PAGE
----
Blockchain and Cryptocurrency Invade the Banking Landscape
Just this March 2019, members of the Basel Committee on Banking Supervision (BCBS) gave a warning statement on the potential risks banks face regarding the steady global growth of the cryptocurrency industry.
The BCBS is an international organization that aims to develop regulation and supervision of banking standards worldwide. The group is made up of banking regulatory authorities and Central Banks from 45 member countries.
Since the crypto industry isn’t managed by any government or public authority, it remains unsafe and unreliable as a long-term medium of exchange. Acts of money laundering, hacking, fraud, and terrorist financing have been observed countless times and continue to remain as issues to be resolved within the crypto community.
Despite the growing concern on the crypto industry’s instability, lack of security, and unaccountability, large financial institutions are looking at the bright side of the technology. Adoption has been slow, but key industry players are starting to act on fitting the blockchain technology into their future strategies.
Last February 2019, J.P. Morgan announced the release of its digital currency called JPM Coin. Unlike Bitcoin which is considered an asset that people can invest in, the JPM Coin is used more as a tool for immediately processing transactions between financial institutions located in different countries – a function more like what Ripple provides.
The JPM Coin is currently limited to business-to-business transactions only which involve the large movement of money. The company plans to release the technology to the public after it’s done with the testing phase.
Banco Santander, one of the largest banking institutions in Europe, recently announced its agreement with IBM to enhance the bank’s services using emerging technologies, including blockchain, big data, and artificial intelligence. The $700-million deal aims to reduce annual IT spend and significantly improve the institution’s flexibility in accommodating modern IT requirements.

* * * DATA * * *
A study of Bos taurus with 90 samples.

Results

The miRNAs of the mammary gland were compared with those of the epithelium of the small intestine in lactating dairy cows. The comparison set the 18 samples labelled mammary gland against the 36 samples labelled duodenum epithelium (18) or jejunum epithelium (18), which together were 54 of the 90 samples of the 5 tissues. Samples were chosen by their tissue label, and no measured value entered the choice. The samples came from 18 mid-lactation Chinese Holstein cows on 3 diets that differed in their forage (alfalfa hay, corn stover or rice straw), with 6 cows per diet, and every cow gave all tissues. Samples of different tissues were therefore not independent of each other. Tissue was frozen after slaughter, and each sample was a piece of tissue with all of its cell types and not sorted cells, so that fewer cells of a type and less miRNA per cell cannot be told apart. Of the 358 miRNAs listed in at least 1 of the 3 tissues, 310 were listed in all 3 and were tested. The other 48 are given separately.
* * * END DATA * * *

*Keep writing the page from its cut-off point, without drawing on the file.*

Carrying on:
In the Asia-Pacific region, the banking behemoth HSBC is leading the pack after completing its first letter of credit transaction using blockchain technology. The cross-border transaction happened between two offices of MTC Electronics in Hong Kong and Shenzhen.
With traditional methods, the transaction would have taken 10 days to process. But by exchanging documents through R3’s Voltron platform, the deal was processed in just 24 hours.
Banks interested in integrating the blockchain technology and introducing crypto-related assets must first possess the technical expertise to sufficiently assess the risks involved in associating themselves with the crypto market. These capabilities, though, are often seen not in established financial institutions but in emerging challenger banks.
Challenger banks are defined as small, modern, retail banks with a more customer-centric approach in providing financial services. They have better flexibility in absorbing technological advancements, including blockchain and cryptocurrency. Atom, Starling, and Monzo are examples of mobile-only, challenger banks who have developed their own disruptive technologies to tackle the everyday banking needs of customers which traditional institutions fail to provide.
Cryptocurrencies and blockchain technology continue to change the financial landscape in ways that may not be as widespread and obvious as people expect them to be. Still, it’s satisfying to know that both traditional and challenger banks are working toward integrating these technologies. Their actions confirm that the financial sector seriously considers the advantages of blockchain technology and digital currency in improving existing processes and services.